The tactics of Palestinians and Israelis toward both peace and protest have long been divided along religious lines: Islam and Judaism.
But for many Palestinians who are Christian, there's a third approach.
At Bethlehem University, for instance, where about 40 percent of the Palestinian students are Christian, the Muslim-led student council leaders were rallying schoolmates last week to take to the streets in an anti-Israeli protest. Inside their planning office, the walls bear pictures of each shahid - a martyr who dies for the Islamic cause.
Mary Mansour, a Christian student here, thinks this is where she parts ways.
"In the Koran there is jihad [holy war], and they say you are lucky if you die a shahid, but in Christianity there is nothing like this," says Ms. Mansour, who is involved in a rapprochement center aimed at changing attitudes for an era of reconciliation. "Maybe Christians go more for peace and talking. We know we have to live together, the two peoples, side by side." By her estimation, not only do Christians shun Islamic bombings like the recent one in Tel Aviv, but fewer young Christians protest in the street.
Such reticence was characteristic of many Christian Palestinians during the intifadah, says Virginia Baron, an American journalist who is writing a book about Beit Sahour, a Bethlehem village that has been home to a progressive Israeli-Palestinian dialogue group for 10 years.
"The people of Beit Sahour were known for nonviolent actions," she says, such as declaring strike days and withholding Israeli taxes. "They ... tried to keep their kids off the street during protests. Today, they are much more involved in peace efforts."
A vocal minority
At just over 2 percent of the West Bank and Gaza population, local Christians are a tiny minority who have nonetheless carved out important roles for themselves as leaders in the struggle for Palestinian independence alongside peace with Israel. Christians are overrepresented in peace groups. And though they are often reluctant to define themselves as distinct from the Islamic majority, declaring Palestinian nationalism paramount, the approach of many Palestinian Christians has favored negotiations over violence, civil disobedience over the intifadah.
But as the crisis here deepens over Israeli Prime Minister Benjamin Netanyahu's decision to build a controversial Jewish housing project in predominantly Arab East Jerusalem, and over Palestinian leader Yasser Arafat's rejection of demands that he rein in militants, Christians find themselves closer to the front line. The planned settlement borders on Bethlehem, an area with one of the highest concentrations of Christians in all the West Bank.
Some analysts attribute the positive attitudes toward peace to class differences as much as religious outlook. Christians are among the wealthiest and best-educated in Palestinian society, and few ever had to settle in refugee camps. Bethlehem University sociologist Bernard Sabella, an expert on the Christian community, says their higher socioeconomic status has allowed them to be "more avant-garde" by Palestinian standards.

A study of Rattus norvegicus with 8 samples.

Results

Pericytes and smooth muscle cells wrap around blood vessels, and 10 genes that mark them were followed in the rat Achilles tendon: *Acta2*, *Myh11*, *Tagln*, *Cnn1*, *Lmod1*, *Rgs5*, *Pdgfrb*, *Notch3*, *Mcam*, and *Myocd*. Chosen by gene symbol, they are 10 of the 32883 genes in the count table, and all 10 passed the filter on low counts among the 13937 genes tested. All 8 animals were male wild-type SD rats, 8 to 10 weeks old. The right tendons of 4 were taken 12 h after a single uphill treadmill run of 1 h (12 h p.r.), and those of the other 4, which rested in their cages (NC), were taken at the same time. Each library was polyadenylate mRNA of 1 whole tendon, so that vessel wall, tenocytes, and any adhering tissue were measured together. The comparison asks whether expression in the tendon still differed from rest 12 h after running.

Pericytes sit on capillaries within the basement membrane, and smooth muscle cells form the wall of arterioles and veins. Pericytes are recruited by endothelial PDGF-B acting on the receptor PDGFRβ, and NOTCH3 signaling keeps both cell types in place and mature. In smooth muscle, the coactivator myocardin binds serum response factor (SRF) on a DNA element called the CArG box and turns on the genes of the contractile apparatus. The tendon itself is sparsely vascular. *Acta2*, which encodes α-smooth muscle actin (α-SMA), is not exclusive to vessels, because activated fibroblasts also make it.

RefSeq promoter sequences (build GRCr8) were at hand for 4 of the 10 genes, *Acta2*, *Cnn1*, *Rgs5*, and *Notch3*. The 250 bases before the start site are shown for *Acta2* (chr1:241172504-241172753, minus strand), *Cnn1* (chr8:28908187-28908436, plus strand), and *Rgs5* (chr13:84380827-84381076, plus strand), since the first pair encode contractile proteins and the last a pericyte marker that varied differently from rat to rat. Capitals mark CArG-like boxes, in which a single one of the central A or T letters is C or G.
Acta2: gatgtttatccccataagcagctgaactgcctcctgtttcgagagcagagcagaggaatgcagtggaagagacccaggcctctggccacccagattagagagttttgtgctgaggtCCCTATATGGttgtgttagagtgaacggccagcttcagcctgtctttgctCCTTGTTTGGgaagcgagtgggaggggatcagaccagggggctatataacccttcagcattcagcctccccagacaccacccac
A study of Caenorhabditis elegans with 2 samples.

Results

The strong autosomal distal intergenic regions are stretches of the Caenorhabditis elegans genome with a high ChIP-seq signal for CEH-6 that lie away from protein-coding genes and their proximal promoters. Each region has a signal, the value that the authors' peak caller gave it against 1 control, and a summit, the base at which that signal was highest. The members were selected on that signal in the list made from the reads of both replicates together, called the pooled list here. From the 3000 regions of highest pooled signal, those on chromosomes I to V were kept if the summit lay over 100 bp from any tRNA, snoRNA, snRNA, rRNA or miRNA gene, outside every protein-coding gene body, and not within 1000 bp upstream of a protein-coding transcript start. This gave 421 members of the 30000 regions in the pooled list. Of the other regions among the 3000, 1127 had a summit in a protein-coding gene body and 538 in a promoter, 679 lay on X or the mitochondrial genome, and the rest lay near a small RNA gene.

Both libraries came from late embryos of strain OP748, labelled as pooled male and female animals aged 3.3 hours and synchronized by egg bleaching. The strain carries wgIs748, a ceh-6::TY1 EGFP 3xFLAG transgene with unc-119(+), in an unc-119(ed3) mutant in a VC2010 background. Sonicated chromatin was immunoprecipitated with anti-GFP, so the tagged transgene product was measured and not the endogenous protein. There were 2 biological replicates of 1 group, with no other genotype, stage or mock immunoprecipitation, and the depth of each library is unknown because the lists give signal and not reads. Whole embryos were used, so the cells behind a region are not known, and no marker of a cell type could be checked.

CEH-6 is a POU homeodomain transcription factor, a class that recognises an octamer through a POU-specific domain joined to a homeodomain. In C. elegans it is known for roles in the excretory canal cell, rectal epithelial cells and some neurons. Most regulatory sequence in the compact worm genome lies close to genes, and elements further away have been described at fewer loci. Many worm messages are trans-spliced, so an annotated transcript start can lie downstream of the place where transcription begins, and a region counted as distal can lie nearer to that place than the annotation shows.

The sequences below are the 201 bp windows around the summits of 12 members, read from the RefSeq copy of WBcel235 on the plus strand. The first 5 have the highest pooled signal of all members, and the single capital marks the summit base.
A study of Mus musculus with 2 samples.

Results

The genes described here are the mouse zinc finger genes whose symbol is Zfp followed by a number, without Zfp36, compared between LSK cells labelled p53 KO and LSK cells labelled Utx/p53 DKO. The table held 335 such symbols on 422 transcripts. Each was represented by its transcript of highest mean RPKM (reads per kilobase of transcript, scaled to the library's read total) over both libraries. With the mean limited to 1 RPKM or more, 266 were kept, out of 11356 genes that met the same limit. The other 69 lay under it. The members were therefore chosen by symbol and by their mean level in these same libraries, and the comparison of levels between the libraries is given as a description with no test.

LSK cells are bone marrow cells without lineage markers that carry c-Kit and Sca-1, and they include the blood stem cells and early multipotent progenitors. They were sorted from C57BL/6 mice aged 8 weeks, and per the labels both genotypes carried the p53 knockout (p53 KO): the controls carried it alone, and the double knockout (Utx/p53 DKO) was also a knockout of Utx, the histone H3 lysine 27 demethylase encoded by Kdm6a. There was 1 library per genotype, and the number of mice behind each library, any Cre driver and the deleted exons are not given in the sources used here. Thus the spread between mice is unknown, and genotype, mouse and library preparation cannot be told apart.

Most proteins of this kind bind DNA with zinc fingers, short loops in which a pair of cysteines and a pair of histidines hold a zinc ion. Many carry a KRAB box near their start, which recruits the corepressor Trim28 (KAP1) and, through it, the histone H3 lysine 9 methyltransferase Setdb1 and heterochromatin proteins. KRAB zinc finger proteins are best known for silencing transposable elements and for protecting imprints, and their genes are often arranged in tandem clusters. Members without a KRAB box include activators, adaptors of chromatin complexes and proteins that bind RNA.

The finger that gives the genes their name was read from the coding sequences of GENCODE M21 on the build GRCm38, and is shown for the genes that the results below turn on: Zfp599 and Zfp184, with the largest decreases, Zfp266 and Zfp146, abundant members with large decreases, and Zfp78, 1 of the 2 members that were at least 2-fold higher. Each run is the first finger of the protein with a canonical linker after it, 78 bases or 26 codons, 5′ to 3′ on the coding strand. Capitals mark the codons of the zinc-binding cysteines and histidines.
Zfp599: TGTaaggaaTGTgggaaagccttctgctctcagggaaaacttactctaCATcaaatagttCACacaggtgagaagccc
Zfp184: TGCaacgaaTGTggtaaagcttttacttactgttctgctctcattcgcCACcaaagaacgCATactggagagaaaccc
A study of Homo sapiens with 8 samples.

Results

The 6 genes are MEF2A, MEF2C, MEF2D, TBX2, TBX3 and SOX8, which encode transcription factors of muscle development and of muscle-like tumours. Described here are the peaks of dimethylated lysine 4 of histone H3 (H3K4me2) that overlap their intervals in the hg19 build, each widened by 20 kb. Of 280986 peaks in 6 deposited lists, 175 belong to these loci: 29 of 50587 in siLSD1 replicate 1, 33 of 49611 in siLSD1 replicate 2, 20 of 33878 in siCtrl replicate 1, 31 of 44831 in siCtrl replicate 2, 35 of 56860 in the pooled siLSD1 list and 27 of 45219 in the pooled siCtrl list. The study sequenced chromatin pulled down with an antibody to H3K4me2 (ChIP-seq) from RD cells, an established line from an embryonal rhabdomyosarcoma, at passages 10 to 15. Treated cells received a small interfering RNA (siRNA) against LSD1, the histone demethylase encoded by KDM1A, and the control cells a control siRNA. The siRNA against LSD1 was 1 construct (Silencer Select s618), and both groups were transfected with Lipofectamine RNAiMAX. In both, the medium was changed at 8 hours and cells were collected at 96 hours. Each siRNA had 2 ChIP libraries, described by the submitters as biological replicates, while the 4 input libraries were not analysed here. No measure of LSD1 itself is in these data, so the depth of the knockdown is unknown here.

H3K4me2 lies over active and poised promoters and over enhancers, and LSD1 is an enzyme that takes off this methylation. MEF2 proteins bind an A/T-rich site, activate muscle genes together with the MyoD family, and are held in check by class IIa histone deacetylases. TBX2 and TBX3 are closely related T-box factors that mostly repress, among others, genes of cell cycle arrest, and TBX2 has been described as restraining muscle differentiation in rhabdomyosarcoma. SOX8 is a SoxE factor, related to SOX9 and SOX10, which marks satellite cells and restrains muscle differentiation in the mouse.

"As a community, they may be more enthusiastic about the eventuality of peace because it would enable them to really enjoy middle-class and upper-class status," says Dr. Sabella. According to his research, a smaller proportion of Christians than Muslims "think they should get all of Palestine - they have a more realistic and pragmatic approach. Some Christians do not buy dismantlement of the state of Israel."
Christians here are likely to identify as Palestinians first, while most Palestinians are likely to identify first as Muslims. Moreover, Sabella says, Christians are twice as likely to consider leaving as the general population. Most have family in the West. Those who stay cite economic hardship, political instability, and the rise of political Islam as reasons to consider leaving.
Finding a common agenda
Indeed, the growth in popularity of the fundamentalist movement Hamas has local Christians worried. Aside from its no-peace stance with Israel, Hamas supporters want to set up an Islamic state based on religious law, taking a cue from other theocracies in the region. That goal seems far off. But in his bid to please Islamists, Mr. Arafat has sometimes issued fundamentalist directives. During the fasting month of Ramadan this year, for example, the Palestinian Authority vowed to fine Muslims for eating or smoking in public.
Still, the Islamic opposition - and Christian support for the accords - has made many of the local Greek Orthodox and Roman Catholic Palestinians turn to Arafat's Fatah party, considered a secular nationalist movement. But some nonpracticing Christians have opted for groups like the communist Popular Front for the Liberation of Palestine, which rejects the 1993 Oslo Accords and still commits drive-by shootings of Israelis.
But just as Israelis tend to unify when they feel under siege by the Arab world, the peace breakdown has Palestinians across the spectrum finding a common agenda against Israeli policy. Many staunchly pro-peace Christians are fully behind Arafat, blaming the current crisis on Israel and defending the rioting as a legitimate means of protest. "There is no intifadah, just violence started by the government of Netanyahu .... We are one, we are Palestinians," says Bishara Suleiman Dawood, a Palestinian councilman in traditionally Christian Beit Jala, outside Bethlehem.